Scientists have little idea how, where or when life began, but the study of biogenesis is a major part of the subject of astrobiology. The Center supports both experimental and theoretical research programs. A popular assumption is that life emerges readily under earthlike conditions, and is therefore widespread in the universe. To test this assumption, we are investigating the possibility that life may have started many times on Earth.
Time is the most fundamental aspect of our experience, and yet it remains mysterious in many ways. A longstanding problem is time's arrow – the directionality displayed by most physical processes, for example, clocks run down, organisms age, stars burn out. The laws of physics are symmetric in time, so the appearance of asymmetry from symmetry can be understood only by looking outside the system. Ultimately that leads to cosmology.
Science works because the universe is ordered in an intelligible way. The most refined manifestation of this order is to be found in the laws of physics, the fundamental mathematical rules that govern all natural phenomena. One of the biggest of the big questions of existence concerns the origin of those laws. Where do they come from, and why do they have the form that that they do?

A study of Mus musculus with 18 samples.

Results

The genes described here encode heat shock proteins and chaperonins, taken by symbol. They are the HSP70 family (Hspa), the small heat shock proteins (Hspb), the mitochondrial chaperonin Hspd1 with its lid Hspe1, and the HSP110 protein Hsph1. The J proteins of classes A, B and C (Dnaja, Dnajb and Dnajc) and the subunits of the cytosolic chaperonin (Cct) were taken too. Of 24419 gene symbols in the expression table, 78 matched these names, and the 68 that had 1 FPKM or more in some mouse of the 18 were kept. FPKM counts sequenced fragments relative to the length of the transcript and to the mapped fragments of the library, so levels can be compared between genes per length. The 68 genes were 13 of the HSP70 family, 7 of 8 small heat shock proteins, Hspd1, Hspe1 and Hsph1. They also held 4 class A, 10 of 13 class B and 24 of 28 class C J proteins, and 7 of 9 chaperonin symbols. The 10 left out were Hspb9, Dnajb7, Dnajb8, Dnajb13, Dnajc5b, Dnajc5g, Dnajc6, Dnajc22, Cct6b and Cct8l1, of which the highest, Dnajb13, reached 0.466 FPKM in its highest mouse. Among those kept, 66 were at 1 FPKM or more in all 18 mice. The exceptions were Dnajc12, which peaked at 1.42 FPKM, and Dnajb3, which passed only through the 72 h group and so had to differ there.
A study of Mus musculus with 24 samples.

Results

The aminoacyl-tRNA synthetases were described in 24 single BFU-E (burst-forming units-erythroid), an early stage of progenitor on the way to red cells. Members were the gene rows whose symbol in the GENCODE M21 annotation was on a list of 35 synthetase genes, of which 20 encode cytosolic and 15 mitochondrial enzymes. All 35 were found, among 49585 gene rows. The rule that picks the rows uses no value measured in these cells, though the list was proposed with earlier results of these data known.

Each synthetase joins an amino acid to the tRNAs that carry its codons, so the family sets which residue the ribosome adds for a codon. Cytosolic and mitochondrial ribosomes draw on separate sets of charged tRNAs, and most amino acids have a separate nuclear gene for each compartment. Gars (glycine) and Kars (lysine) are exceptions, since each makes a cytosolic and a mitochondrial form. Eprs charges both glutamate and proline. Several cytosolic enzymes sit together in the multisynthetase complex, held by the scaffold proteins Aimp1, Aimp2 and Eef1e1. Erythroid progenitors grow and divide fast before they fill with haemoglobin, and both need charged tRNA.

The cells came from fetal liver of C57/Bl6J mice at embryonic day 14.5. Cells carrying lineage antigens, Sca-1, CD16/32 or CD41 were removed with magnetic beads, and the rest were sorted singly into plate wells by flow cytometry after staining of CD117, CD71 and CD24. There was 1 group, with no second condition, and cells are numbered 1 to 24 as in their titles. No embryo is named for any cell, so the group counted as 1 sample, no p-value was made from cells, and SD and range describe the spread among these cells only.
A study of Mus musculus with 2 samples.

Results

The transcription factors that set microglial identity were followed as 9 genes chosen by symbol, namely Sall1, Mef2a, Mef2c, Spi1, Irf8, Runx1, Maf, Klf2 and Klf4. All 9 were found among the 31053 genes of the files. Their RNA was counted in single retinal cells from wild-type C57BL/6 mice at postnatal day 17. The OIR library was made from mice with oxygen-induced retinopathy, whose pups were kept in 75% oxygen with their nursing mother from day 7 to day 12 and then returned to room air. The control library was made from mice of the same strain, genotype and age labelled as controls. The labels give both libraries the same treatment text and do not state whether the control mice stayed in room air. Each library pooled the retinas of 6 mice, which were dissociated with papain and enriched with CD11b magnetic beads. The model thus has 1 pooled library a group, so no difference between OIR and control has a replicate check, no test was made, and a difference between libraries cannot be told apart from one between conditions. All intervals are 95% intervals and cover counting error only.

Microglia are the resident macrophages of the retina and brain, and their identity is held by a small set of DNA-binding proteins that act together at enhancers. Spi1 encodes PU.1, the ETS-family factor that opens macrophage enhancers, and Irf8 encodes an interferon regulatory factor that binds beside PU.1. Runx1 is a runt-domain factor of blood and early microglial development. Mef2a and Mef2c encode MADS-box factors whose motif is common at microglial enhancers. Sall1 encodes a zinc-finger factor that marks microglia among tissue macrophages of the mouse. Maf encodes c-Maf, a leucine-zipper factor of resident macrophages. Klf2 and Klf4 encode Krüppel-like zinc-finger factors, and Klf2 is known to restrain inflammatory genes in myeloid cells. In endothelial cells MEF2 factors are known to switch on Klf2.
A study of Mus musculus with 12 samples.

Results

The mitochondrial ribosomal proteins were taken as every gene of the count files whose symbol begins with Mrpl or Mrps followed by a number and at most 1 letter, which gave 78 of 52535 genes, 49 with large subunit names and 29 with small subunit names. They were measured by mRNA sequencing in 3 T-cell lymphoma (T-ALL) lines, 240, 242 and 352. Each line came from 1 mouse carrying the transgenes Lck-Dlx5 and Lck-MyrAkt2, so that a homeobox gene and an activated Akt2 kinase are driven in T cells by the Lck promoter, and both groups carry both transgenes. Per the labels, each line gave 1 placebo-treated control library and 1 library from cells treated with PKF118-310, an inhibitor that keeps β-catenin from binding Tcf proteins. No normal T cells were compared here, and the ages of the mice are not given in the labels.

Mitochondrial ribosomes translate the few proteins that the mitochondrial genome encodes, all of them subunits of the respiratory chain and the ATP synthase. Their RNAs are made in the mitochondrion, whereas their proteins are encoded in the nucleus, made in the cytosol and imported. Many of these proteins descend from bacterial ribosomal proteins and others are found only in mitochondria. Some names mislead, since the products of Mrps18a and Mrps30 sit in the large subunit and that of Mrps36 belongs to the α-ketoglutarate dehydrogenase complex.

We run the National Cancer Institute's Center for Convergence of Physical Science and Cancer Biology at ASU, one of 12 such centers around the country. We are tackling the root causes of cancer on both conceptual and experimental levels. Read about our scientific projects on our Cancer Insights website
Quantum mechanics deals with the microworld of atoms and subatomic particles, and is famously weird in the picture it paints of reality. Although the most successful scientific theory in history, with everyday applications to devices ranging from lasers to electronics, quantum mechanics continues to baffle physicists when it comes to interpretation. In particular, there is no agreement about how to incorporate observers and observations into the theory. At Beyond we are focusing on two new aspects of this old puzzle.
Our research focuses on the first split second after the big bang, and addresses whether the observed universe might be only a tiny component in a multiverse of vastly different universes. A key issue is why the observed universe seems to be so remarkably well suited to support life.
WHETHER we are alone in the universe is one of the oldest questions humans have pondered. For most of history, it has belonged squarely in the provinces of religion and philosophy. In recent decades, however, scientists also have been attracted to the problem in increasing numbers. Fifty-one years ago, a young astronomer by the name of Frank Drake began sweeping the skies with a radio telescope in the hope of stumbling across a message from an alien civilisation.